Bill ending spousal rape exemption passes Ohio House almost unanimously
This story was last updated on November 29, 2023 at 5:30 p.m.
Lawmakers in the Ohio House voted nearly unanimously Wednesday, by 74 to 1, to close a "loophole" in the Ohio Revised Code that treats spousal rape differently than non-spousal rape.
House Bill 161 is not the first bipartisan attempt by Ohio lawmakers to eliminate marital exemptions to rape and other sexual misconduct.
Sen. Nickie Antonio (D-Lakewood), who now serves as minority leader, and former Sen. Sean O’Brien tried in 2019, but their bill stalled in committee. Former Reps. Laura Lanese and Kristin Boggs introduced a similar bipartisan bill in 2021 with no better luck. Semi routine and thus far unsuccessful attempts date back to the mid-1980s, Rep. Jessica Miranda (D-Forest Park) said in an earlier interview.
“Single or married, we should have a criminal justice system that treats people equally,” Miranda said during floor testimony. “We should have a criminal justice system that empowers survivors to seek justice, and we should have a criminal justice system that believes people when they say they have been wronged.”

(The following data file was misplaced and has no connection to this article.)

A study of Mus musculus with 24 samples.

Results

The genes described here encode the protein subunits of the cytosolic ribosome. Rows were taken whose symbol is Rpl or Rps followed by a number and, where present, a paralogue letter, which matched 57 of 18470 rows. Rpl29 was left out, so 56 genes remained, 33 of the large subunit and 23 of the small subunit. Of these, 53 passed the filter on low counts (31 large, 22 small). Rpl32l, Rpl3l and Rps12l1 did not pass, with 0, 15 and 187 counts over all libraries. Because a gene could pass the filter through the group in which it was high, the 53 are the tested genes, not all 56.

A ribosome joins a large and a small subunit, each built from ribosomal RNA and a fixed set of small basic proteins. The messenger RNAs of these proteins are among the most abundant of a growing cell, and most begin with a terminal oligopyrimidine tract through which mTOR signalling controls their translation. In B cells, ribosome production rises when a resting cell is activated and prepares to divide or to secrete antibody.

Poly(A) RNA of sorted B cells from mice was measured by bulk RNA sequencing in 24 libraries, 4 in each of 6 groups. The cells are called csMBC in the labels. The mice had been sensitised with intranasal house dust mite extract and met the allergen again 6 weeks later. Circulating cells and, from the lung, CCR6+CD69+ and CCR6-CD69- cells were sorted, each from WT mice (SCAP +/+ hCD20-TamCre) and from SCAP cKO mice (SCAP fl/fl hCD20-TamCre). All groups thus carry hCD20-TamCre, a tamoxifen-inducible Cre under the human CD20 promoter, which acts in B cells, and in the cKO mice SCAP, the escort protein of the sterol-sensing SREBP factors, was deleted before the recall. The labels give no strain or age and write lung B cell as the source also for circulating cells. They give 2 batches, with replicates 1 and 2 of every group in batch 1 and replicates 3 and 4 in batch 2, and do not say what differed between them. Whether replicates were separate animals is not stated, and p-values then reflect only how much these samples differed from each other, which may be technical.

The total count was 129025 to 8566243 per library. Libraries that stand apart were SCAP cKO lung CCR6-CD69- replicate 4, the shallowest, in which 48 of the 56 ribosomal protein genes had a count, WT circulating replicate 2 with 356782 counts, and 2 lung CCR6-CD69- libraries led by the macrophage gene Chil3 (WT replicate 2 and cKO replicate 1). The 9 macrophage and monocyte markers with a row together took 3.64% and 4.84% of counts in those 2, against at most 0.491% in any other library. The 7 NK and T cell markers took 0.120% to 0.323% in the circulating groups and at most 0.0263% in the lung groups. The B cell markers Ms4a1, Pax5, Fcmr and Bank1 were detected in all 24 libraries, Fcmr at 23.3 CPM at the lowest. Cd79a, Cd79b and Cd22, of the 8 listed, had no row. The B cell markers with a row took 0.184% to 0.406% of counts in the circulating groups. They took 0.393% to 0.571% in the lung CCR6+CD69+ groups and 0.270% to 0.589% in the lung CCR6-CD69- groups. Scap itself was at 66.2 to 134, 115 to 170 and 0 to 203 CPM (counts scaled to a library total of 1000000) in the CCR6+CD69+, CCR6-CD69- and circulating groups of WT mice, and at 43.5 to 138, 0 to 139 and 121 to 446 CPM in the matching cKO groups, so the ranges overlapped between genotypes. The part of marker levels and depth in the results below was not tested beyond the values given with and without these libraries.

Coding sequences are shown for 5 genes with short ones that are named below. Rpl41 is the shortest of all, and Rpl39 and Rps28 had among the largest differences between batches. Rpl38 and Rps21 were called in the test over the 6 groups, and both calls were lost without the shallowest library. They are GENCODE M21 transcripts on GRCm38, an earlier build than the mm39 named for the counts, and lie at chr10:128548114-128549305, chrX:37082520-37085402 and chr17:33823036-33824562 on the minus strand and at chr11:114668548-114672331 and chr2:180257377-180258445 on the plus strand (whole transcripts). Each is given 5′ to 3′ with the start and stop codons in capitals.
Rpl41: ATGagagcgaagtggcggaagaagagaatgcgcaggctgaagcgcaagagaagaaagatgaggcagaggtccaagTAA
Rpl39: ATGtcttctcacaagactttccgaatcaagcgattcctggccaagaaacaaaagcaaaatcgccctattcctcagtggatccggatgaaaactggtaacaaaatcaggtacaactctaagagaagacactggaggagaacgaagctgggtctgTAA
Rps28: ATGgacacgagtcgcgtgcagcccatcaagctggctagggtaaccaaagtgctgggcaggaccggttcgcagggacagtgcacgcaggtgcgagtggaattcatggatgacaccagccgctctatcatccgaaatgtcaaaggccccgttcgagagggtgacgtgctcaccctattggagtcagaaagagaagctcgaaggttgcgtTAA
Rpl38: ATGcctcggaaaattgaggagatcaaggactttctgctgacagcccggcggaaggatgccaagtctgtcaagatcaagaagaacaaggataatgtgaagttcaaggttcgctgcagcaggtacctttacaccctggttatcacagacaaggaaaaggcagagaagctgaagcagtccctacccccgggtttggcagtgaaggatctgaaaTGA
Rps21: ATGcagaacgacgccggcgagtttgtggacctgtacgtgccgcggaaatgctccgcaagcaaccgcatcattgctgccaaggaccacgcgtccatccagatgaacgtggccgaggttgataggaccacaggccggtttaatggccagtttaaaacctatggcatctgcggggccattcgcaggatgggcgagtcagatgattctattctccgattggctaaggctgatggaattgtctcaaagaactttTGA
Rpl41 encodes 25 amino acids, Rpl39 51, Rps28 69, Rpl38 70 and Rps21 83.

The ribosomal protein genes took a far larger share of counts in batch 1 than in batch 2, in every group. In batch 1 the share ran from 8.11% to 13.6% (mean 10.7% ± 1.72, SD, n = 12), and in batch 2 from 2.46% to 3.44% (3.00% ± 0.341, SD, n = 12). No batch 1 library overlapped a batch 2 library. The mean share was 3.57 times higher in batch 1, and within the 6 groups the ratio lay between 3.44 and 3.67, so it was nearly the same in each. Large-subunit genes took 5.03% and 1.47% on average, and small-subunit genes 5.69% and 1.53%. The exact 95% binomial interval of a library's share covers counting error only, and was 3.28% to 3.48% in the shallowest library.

But Wednesday is the first time legislation made it to, and through, the full House chamber. Rep. Bill Dean (R-Xenia) was the sole lawmaker to vote against HB 161.
Rep. Josh Williams (R-Sylvania) said he didn't think he'd be the only legislator to sign on as an additional cosponsor.
“I thought it was a pretty common sense piece of legislation,” Williams said. “It should never be an affirmative defense to rape, that you're married to someone.”
HB 161 cleared committee unanimously in October, with the Ohio Domestic Violence Network, the Ohio Alliance to End Sexual Violence, and other sexual violence organizations signed on as proponents.
Miranda and cosponsor Rep. Brett Hillyer (R-Uhrichsville) introduced HB 161, the latest iteration of a proposal that would ax all of the existing spousal exemptions. If the bill passes, victims of marital sexual assault would also be able to testify against their perpetrator.
“This is an important milestone for safer families and healthier communities,” Hillyer said during floor testimony. “One does not give up their protections under the equal justice of the law simply by saying ‘I do’ at the altar.”
Current law offers certain privileges to perpetrators who sexually assault their spouses, depending on whether they live together, by barring prosecution of those cases. It is illegal to rape anyone by using “force or threat of force” in Ohio. But the same part of the Ohio Revised Code says it is technically legal to drug a partner in marriage, or to coerce them into sexual conduct.
It now heads to the Ohio Senate for consideration.